With Congress back in session this week, there is a renewed focus on several provisions that lawmakers extended for two-months in December and which are set to expire again at the end of February. As we commented on at the time , lawmakers extended the payroll tax cut, expanded unemployment insurance benefits, the doc fix, and various health care provisions for two months at a total cost of about $33 billion. But with a new conference committee meeting to discuss possible extensions to these policies, CRFB has renewed  its call for dealing with expiring provisions in a fiscally responsible way in a new paper.
CRFB argues that, ideally, lawmakers would address any extensions of expiring provisions within the context of a comprehensive budget plan.
The fiscal impacts of these expiring measures are no small cookies. An extension for the remainder of 2012 would cost $155 billion and $475 billion for a full ten-year extension. When you throw in year-long extensions of other provisions that Congress hasn't touched yet but can enact retroactively -- like the AMT patch and the tax extenders-- the cost grows to about $385 billion. Extending all these provisions for ten years would cost nearly $2.3 trillion.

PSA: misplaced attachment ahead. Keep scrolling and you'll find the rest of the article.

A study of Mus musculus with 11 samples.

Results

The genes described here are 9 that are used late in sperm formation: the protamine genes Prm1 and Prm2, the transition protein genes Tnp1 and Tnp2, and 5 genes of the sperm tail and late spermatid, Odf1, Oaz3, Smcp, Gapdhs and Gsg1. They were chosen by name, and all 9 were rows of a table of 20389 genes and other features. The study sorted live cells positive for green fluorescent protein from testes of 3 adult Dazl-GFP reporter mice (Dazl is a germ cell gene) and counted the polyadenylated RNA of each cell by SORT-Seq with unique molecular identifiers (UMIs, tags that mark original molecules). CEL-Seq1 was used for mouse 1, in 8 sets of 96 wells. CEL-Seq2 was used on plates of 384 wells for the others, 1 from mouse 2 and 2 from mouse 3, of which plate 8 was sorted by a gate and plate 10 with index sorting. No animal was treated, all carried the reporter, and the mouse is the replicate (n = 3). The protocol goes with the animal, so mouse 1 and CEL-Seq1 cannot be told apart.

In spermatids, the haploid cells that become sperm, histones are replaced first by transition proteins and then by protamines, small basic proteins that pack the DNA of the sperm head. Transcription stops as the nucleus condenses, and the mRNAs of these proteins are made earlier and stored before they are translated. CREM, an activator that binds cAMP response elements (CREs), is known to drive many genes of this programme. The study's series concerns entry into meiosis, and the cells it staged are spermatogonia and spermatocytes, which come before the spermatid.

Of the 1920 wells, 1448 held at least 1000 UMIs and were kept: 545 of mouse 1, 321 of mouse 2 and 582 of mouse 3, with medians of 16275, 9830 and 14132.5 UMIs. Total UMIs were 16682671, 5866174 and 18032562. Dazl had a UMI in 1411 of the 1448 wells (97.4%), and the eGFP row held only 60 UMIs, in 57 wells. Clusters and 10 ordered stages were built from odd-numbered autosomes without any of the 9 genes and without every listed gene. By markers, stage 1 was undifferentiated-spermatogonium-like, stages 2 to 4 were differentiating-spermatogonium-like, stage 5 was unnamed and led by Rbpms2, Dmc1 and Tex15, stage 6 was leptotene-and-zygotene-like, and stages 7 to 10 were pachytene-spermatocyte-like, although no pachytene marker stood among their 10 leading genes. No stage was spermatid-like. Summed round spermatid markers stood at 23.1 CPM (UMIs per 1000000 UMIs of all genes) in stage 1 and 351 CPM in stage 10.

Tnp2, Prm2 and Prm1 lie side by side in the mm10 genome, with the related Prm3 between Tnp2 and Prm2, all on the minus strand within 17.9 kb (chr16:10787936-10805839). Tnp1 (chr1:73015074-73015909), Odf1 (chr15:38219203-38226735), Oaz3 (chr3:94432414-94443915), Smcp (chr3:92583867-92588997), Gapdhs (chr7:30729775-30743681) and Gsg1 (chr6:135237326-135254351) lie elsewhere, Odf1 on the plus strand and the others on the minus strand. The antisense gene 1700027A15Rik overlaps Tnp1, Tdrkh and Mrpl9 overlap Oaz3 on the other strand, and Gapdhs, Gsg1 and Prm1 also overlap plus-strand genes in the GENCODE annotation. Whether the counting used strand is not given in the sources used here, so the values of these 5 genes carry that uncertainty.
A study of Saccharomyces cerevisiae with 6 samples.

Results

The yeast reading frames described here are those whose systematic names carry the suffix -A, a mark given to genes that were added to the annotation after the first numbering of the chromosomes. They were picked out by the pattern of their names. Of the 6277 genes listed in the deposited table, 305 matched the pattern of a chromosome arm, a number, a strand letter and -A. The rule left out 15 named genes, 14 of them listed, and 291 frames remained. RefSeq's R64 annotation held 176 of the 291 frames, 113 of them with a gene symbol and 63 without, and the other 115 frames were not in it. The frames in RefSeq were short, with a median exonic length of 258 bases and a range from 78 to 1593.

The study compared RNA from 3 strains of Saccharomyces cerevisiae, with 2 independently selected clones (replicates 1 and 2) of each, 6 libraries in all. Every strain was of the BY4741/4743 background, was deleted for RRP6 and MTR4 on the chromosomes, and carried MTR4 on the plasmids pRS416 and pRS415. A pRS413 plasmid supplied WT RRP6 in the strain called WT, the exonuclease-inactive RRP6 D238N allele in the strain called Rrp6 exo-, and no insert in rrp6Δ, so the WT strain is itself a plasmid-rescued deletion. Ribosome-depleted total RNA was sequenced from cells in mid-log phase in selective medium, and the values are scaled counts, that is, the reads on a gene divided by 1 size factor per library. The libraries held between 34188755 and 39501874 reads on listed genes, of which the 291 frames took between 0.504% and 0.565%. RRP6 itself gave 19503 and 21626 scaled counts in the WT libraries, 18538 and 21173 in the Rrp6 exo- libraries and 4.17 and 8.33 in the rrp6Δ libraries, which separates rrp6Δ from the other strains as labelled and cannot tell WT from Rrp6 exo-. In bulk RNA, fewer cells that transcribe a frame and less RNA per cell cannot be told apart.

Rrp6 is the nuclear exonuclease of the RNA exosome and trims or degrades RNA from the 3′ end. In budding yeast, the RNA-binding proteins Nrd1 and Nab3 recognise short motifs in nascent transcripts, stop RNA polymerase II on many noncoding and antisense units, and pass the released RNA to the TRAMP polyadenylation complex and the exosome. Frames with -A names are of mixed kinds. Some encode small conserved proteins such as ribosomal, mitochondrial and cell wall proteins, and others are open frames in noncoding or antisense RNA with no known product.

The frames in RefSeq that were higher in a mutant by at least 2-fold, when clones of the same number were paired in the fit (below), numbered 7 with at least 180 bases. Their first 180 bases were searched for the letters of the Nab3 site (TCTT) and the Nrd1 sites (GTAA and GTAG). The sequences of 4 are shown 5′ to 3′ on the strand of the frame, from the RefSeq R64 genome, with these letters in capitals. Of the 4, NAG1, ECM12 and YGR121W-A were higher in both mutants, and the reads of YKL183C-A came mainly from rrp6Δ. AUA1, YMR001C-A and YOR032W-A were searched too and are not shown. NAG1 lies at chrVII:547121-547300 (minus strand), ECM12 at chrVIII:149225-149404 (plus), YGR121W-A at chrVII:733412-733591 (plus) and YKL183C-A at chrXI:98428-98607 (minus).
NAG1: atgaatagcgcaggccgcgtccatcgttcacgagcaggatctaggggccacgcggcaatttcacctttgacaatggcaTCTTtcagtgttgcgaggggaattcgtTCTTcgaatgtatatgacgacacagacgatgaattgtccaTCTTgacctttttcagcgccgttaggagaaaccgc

The following graph from the paper shows the debt impact of a few recent plans to extend some of these expiring provisions. Luckily, they all included offsets.
Note: Estimates of proposals adjusted to begin in March 2012. "President's Plan" refers to the American Jobs Act.
While we hope Congress address these issues within a large deficit reduction package, at the very least, though, the extenders should be fully paid for over ten years with permanent offsets so that any extensions help to reudce long-term debt. The offsets should be real and not rely on any budget gimmicks like using war savings or unspecified cuts.
We discuss these issues, and several other DOs and DON'TS in the paper. Click here  to read the full paper.